Long live vermouth!

Long live vermouth!

Riding the crest of bitter cocktails and artisanal goods, vermouth is making a triumphal return, notably by way of a new generation of producers and one-of-a-kind products. Today, vermouth is dusting off all the preconceived notions and enticing the masses with subtle, fragrant aromas.
  • By: Chantal Lapointe
  • August 21, 2019
  • Trends

Origin story

Coming from the German word for wormwood, it comes as no surprise that the 15th century Prussian fortified wine once contained a slosh of absinth. “At first, vermouth was sought after for its medicinal properties,” explains Fabien Maillard, bartender at the Lab and vermouth connoisseur. What we drink today was concocted only later by Antonio Benedetto Carpano in 18th century Turin. Unlike its predecessors, this iteration was produced using high-quality Muscat. Vermouth’s glory days weren’t until the end of the 19th century, first straight up, then as a cocktail darling. In the middle of the last century, there were over 400 Turinese varieties! The time to imbibe was aperitivo hour, and vermouth’s popularity simply skyrocketed, notably in aristocratic circles.


Wine or spirit?

Contrary to popular belief, vermouth isn’t a spirit—it’s fortified wine, just like Pineau des Charentes. “It’s a wine whose alcohol content has been boosted to the 16 to 18% mark using a neutral eau de vie,” explains Maillard. Most often a white, producers add mistelle to the mix (grape must, which fermentation blockage preserves natural sugars). Absinth is a necessary ingredient to any bottle bearing the vermouth moniker. Each house infuses the drink with its own selection of spices, aromatic herbs, roots, and plants to come up with a product that has distinct colour and flavour. Among the most popular vermouth aromatics: anise, chamomile, vanilla, cinnamon, angelica, cardamom, coriander, quinquina bark, nutmeg, lavender, and citrus peel.


Vermouth-making nations

Today’s biggest producers are France, Spain, and Italy, who still take the biggest piece of the proverbial vermouth pie. In the last decade, however, New World vermouths have started popping up in places like Australia and Canada. African vermouth is now a thing as well. Québec craft producers have also gotten in on the game, putting some high-quality specimens on offer themselves. Now you can go to an SAQ store, find local vermouth that uses very local ingredients and see for yourself how our part of the world is no doubt a cradle for fabulous craft products.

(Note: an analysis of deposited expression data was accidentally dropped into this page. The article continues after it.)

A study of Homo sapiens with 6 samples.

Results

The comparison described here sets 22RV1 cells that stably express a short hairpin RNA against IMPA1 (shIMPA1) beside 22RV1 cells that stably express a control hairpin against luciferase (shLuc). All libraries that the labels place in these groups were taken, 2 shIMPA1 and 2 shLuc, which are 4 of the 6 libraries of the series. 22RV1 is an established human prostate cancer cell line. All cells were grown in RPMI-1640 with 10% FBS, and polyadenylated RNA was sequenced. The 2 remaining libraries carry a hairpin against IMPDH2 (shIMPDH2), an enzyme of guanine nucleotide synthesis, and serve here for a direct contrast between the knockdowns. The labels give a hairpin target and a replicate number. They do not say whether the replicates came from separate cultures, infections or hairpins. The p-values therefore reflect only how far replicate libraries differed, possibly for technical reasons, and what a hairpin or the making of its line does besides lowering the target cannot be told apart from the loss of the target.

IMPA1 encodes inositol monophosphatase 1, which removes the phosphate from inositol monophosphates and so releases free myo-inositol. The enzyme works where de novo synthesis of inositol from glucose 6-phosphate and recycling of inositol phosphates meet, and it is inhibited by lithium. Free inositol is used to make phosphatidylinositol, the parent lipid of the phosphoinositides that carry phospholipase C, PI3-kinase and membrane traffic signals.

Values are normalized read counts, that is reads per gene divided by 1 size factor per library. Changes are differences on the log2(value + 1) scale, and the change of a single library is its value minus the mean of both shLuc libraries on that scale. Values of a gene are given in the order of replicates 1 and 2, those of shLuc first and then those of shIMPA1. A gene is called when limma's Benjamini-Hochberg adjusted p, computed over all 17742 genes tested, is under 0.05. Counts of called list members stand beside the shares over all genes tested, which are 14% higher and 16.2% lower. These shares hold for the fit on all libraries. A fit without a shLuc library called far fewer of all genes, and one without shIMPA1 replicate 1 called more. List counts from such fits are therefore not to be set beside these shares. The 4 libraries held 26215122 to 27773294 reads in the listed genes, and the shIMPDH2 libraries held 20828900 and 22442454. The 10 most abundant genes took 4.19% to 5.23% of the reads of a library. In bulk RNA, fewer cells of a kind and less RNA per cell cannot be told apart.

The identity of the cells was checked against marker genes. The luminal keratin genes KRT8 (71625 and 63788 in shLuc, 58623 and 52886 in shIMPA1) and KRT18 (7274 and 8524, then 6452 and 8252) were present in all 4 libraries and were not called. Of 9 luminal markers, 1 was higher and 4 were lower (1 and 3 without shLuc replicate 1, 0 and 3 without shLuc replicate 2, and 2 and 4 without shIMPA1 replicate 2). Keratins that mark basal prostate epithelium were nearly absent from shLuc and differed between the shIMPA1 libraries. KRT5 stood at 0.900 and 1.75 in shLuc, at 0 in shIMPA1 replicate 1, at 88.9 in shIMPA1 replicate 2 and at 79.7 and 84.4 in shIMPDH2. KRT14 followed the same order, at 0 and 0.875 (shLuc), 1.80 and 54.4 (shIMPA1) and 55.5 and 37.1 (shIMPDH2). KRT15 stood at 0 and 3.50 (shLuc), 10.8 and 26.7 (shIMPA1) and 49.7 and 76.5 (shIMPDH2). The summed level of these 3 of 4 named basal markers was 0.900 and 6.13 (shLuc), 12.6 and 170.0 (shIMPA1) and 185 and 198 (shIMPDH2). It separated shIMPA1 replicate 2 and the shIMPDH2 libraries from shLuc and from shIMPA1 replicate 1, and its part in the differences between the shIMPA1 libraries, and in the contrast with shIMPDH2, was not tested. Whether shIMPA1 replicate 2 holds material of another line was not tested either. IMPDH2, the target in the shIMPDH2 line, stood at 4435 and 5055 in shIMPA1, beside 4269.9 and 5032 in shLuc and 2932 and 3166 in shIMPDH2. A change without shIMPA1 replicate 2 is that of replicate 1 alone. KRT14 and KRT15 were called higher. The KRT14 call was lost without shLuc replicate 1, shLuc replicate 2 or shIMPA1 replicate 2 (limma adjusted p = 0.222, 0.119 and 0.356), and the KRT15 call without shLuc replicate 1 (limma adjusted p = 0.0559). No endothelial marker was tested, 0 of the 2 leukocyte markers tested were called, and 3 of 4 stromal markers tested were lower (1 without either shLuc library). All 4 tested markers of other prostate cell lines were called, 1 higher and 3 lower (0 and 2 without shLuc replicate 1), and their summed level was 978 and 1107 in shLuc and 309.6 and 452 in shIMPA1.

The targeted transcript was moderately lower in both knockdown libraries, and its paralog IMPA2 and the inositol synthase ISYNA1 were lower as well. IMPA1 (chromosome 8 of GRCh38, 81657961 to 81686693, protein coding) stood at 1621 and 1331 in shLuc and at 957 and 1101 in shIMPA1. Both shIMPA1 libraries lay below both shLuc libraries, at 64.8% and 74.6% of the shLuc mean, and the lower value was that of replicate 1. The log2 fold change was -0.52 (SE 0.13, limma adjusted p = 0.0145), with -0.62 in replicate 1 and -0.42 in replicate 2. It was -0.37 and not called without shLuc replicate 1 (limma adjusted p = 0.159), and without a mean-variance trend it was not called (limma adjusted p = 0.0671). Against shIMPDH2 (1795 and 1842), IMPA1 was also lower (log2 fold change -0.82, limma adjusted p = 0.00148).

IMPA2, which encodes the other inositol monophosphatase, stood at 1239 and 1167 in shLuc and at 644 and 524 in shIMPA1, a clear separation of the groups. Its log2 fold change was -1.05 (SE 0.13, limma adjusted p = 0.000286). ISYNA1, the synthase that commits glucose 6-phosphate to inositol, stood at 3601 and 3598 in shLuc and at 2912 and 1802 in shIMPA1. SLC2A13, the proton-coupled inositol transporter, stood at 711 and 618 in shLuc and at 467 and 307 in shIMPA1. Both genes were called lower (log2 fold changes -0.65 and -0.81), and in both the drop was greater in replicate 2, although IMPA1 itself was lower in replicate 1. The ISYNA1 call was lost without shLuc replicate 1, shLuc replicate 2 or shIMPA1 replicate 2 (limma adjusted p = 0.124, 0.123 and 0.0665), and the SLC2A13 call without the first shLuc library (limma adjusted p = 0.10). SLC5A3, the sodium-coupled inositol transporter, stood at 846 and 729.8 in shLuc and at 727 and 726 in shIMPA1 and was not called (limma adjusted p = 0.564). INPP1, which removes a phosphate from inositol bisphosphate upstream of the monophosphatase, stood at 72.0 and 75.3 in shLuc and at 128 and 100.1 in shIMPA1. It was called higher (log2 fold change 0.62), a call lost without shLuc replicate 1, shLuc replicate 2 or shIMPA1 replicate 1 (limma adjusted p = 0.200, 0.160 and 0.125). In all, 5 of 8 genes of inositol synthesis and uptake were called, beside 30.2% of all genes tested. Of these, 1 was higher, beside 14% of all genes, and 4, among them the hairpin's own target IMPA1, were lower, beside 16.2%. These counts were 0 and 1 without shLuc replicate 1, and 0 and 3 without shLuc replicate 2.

Straight up or cocktail-style

From very dry to super sugary, there’s a whole spectrum of vermouths, each  expressing distinct character. White or red, sweet, semi-dry, dry, or extra-dry, you can drink it straight up or find its libational soulmate in a succulent cocktail.

Whether you take yours straight up or with a mixer, vermouth is without a doubt a home bar staple. If you choose to sip it solo, serve it quite chilled in an Old Fashioned glass brimming with ice cubes and topped with orange zest or lemon. The ice will lightly lower the sweetness of the beverage while adding to its freshness. Listen up, cocktail lovers: you can use vermouth to make all kinds of classics like Manhattans, Negronis and Martinis.


Cooking with vermouth

Mixologists are smitten with vermouth, but it’s also speaking to the hearts—and bellies—of traditional French chefs. In the kitchen, you can use the stuff not only for meat and game sauce, but also to elevate certain desserts—think sabayon. It’s a natural pairing for shellfish, foie gras, and charcuterie.

Whether you’re barside or ovenside, vermouth is generally meant to be enjoyed immediately. It’s kept at room temperature in the majority of bars and restaurants. “Since it’s a maderized wine, it can evolve over time. But at home, where vermouth tends to get less action, it’s recommended that you leave it in the fridge, shut tight, so you can prolong its shelf life and make serving it easy as pie,” concludes Maillard.